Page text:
Filip has contributed a chapter to the recent book from Fresh Business Thinking - Hit Me! (see exclusive Like Minds book offer at the bottome of this post). Although his topic in the book is about marketing with Youtube, his Like Minds talk was on how to “Convert Your Brand Reputation Into Sales”.
He started by defining what he meant by reputation, which is one of those terms we all think we know well but struggle, sometimes, to pin down. For the purposes of this talk, Filip suggested we think of this equation: Reputation = search + results. In other words, in the digital age, your reputation consists of the search results returned when someone Googles you. This sees the traditional sense of reputation - what people say about you when you’re not in the room - taken to a global scale. The flip side of this is that reputation is becoming more than ever a great sales tool.
As an aside, Filip mentioned that when he first became involved in online reputation and searched for his own name, he was confronted by a full first page of results on Google for a gay porn star who shared the same name. This is no longer the case.
Everyone wants a reputation. Warren Buffet, for example, believes you can never have too much reputation. But when we come to try and define it, the term remains little more than a concept. How do you turn that vague concept into something tangible? Something you can measure?
To start with, Filip demonstrated his understanding of the cycle of reputation by means of a diagram that is reproduced here in rather more linear fashion: less of a cycle and more of a bicycle pump.
Reputation feeds Interest feeds Conversation feeds Business feeds Reputation.
On the back of this, it is worth noting how often people look for company information by name. Not company name but by the name of someone who works there. This is one of the reasons that on a company site, the about pages should really have a page for each person and not be limited to a generic team page. To take this further down the road of conversion success, ensure that, when people search for a person by name and reach the site, you encourage conversation. In other words, make it easy for a site visitor to take the next action to get in touch with the person they want.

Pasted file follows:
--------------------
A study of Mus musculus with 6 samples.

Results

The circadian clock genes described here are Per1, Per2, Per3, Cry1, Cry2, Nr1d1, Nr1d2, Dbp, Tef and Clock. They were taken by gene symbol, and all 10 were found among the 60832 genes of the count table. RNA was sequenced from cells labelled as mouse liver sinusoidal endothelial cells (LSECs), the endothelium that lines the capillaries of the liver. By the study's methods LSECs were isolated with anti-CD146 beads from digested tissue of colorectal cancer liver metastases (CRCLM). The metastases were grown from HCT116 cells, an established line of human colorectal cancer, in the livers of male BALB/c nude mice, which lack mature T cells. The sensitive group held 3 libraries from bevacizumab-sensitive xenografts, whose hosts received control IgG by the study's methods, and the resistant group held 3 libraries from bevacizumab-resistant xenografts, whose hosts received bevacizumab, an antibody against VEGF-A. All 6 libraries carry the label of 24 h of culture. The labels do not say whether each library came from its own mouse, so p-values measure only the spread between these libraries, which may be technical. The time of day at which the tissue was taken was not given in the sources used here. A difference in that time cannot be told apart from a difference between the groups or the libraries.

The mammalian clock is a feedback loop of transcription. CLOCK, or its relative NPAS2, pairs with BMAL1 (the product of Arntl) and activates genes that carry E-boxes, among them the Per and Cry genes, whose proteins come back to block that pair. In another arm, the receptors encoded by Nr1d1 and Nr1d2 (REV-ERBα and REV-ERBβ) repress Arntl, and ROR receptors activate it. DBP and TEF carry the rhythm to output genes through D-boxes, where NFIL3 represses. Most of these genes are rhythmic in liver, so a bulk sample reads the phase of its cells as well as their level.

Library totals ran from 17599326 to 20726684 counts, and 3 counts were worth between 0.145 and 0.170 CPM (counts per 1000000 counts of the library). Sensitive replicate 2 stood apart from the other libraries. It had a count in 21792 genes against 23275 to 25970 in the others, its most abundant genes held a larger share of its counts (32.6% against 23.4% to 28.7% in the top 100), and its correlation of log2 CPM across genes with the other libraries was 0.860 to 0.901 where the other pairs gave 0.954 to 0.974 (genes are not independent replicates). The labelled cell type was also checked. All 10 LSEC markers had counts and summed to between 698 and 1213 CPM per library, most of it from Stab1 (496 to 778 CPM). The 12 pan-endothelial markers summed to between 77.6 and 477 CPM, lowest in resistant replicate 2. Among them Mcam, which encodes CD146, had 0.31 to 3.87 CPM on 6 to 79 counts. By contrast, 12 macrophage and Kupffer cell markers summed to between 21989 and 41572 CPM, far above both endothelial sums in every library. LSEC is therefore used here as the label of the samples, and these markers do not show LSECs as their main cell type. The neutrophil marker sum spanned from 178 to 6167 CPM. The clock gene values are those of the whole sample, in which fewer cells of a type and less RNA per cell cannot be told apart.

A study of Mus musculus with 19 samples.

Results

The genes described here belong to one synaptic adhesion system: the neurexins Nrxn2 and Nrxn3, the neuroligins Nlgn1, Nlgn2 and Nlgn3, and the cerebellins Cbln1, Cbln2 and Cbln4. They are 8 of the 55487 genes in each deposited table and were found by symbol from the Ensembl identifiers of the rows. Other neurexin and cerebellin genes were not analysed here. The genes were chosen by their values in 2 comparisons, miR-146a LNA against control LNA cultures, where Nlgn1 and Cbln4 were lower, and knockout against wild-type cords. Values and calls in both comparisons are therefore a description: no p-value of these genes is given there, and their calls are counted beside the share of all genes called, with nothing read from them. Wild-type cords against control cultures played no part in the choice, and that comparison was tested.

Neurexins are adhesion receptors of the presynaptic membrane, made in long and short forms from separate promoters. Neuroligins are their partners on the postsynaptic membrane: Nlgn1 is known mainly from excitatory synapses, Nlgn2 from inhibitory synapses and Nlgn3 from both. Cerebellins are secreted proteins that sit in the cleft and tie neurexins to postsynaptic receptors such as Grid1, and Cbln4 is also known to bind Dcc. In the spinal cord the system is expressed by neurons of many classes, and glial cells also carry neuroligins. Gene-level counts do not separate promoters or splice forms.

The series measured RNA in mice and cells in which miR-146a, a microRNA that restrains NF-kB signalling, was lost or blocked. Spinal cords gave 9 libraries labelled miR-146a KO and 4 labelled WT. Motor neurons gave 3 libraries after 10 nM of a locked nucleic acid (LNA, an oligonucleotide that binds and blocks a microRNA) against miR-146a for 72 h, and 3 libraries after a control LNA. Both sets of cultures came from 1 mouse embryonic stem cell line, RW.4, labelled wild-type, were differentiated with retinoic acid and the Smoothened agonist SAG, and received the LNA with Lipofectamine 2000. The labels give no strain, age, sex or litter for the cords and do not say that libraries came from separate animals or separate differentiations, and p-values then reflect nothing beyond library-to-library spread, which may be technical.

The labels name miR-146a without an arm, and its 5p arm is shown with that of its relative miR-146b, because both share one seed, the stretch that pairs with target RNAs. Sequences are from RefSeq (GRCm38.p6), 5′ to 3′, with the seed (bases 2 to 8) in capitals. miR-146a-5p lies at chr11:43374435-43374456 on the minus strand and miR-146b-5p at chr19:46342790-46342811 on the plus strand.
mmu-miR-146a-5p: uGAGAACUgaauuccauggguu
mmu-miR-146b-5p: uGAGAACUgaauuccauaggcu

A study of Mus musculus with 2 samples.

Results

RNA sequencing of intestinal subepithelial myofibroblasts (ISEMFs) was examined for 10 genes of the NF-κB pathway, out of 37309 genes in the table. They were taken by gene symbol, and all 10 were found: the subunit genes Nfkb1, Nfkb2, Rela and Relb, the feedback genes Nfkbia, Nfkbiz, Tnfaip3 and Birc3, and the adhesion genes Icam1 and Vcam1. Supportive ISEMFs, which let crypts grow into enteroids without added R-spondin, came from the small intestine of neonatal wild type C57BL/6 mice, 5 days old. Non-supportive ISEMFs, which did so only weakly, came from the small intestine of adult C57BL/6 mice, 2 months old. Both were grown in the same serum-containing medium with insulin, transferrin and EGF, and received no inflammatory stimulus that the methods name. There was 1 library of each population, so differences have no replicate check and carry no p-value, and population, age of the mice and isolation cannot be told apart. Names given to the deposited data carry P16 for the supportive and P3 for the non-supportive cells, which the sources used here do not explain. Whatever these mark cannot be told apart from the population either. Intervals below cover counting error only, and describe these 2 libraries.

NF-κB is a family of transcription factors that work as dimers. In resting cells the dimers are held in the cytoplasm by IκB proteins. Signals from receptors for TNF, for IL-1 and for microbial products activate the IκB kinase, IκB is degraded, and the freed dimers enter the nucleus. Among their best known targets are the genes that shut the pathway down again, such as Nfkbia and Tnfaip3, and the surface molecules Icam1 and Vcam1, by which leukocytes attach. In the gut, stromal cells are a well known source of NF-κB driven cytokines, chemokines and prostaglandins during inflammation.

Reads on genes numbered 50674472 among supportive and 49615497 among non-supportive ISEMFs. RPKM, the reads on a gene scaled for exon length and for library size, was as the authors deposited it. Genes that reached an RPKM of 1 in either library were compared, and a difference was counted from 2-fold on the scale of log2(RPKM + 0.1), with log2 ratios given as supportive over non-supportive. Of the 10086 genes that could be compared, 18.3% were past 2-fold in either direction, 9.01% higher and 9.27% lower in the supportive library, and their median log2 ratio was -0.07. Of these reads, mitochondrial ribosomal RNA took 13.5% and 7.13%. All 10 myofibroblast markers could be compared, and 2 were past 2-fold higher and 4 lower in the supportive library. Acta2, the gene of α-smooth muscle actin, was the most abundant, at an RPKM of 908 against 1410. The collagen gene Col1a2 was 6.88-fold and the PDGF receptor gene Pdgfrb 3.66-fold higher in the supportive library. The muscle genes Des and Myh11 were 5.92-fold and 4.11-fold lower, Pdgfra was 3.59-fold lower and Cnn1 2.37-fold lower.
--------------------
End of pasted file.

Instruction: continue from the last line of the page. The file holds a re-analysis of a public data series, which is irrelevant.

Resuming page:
This is all well and good in theory, of course. It is vital to support any actions with measurement. Understand who is coming to the site and where they’re coming from or what they’ve searched for. A great place to start with measurement is Google Analytics. It’s free and provides a huge range of data and reports. Use it to track searches and traffic sources. Better still, set up goal within the analytics to check your contact page hits and how that translates into conversions.
Filip identified a number of such technical tactics for measuring reputation and its effect on sales. (I asked Filip in a video interview afterwards about this aspect of managing the results of reputation; suggesting that for many small businesses or entrepreneurs, this effort was beyond them. Filip wasn’t having it: he told me that setting up a basic way to measure what’s happening to sales because of reputation is a day’s effort at most. It’s something valuable to do and valuable enough to do yourself. After all, it’s a key part of the sales process and, consequently, vital for business success. That was me told.)
Traffic analysis will provide lots of data but it’s important not to get hung up on the wrong data or to be swayed by the big numbers. A large number of visits to the site can be good but if a large number of visits is not converting to a large number of sales or leads, there is a problem that needs to be uncovered.
The only reason to measure data, of course, is to use the results to take action.
Next, Filip related reputation to the AIDA process for sales (with the recommendation to watch the clip from Glengarry/Glen Ross with Alec Baldwin explaining it. Here’s the clip [http://www.youtube.com/watch?v=8kZg_ALxEz0] but be warned; this is a David Mamet script, so it’s not for the faint of vocabulary.)
Attention: social, white papers, advertising (this is where you build reputation)
Interest: UX, content (reinforcing the reputation and driving the conversation)
Decision: contact (I’m ready to buy)
Action: email or phone (let’s do it)For the final part of his talk, rather than conduct a more formal Q&A session, Filip asked for some real life business issues from among the audience that he could use to walk through a live application of the tools and tactics he had introduced. The issues that dominated these discussions were around measurement and the difficulties of tracking delayed conversion (where the contact may not follow directly from a visit to the contact page, for instance) and also around how to build reputation in a traditionally conservative market where digital is currently underused. It is quite astonishing, in many ways, that so many businesses are still either reticent about using digital tools for success or remain unaware of the possibilities of data capture and analysis for providing a vital source for making business decisions.
Post-talk networking ensued, with a plentiful supply of pastries and coffee to be consumed. There were also copies of “Hit Me!” for all attendees. Finally, we tore Filip away from a conversation and out onto the Radio Bar terrace for the interview that you’ll be able to see soon up on the Like Minds site.